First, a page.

Kate Gilmore Heals with Art After Parkland Shooting
In a series of installations they’re calling Inspiring Community Healing After Gun Violence: The Power of Art, the Coral Springs Museum of Art in Coral Springs, FL commissioned five artists to create public art installations.
In the days and months following the devastating shooting at Marjory Stoneman Douglas High School in Parkland, FL, the museum became a crisis center, and then a place of refuge for those in need of emotional support. A series of Healing with Art workshops then evolved where students, teachers and administrators could participate in art-making to help them heal.
The Power of Art is a series of five public art installations. The third installment, The Yellow Walk, was created by video and performance artist Kate Gilmore, associate professor of art+design, and was active for three days in early November.
Gilmore conceived of a large-scale interactive public art installation and performance piece which took place November 8–10 at the Art Walk in Coral Springs.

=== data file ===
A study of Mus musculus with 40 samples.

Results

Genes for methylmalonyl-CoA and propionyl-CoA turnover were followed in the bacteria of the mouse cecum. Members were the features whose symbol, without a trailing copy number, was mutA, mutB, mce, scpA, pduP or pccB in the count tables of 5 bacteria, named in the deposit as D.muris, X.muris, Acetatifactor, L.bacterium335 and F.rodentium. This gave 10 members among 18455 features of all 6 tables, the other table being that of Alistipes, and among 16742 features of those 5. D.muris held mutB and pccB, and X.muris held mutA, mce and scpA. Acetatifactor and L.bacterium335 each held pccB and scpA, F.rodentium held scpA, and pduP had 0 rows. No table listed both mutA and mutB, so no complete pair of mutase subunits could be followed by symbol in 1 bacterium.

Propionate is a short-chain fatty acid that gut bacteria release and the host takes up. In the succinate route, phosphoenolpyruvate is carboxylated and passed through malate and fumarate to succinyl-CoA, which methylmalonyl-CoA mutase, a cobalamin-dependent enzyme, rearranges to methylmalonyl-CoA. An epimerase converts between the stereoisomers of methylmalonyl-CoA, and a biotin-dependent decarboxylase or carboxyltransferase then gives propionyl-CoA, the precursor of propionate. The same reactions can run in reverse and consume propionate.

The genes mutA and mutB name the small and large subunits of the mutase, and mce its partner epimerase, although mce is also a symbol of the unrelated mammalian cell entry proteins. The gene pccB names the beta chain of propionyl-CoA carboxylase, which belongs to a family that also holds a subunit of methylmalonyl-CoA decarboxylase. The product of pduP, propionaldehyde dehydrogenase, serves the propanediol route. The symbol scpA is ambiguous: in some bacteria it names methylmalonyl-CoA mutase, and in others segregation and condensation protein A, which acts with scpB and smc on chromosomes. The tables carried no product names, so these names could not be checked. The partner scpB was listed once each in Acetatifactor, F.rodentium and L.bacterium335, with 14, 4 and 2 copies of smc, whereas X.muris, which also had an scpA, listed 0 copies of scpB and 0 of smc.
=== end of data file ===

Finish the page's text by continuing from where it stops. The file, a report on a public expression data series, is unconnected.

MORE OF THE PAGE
The Art Walk was transformed by an 800-foot long yellow carpet which performers from the Coral Springs and Parkland communities continuously walked on for the extent of the performance.
Audience members participated in The Yellow Walk. When walking on the carpet, a performer matched their pace and walked alongside them in companionship.
The first 1,000 attendees received a silk-screened t-shirt created by the artist with assistance from community members to commemorate the project.
This Power of Art project was made possible by a grant from Bloomberg Philanthropies. In late 2018, the City of Coral Springs in partnership with the City of Parkland and Coral Springs Museum of Art were awarded a $1 million grant for the 2018 Public Art Challenge.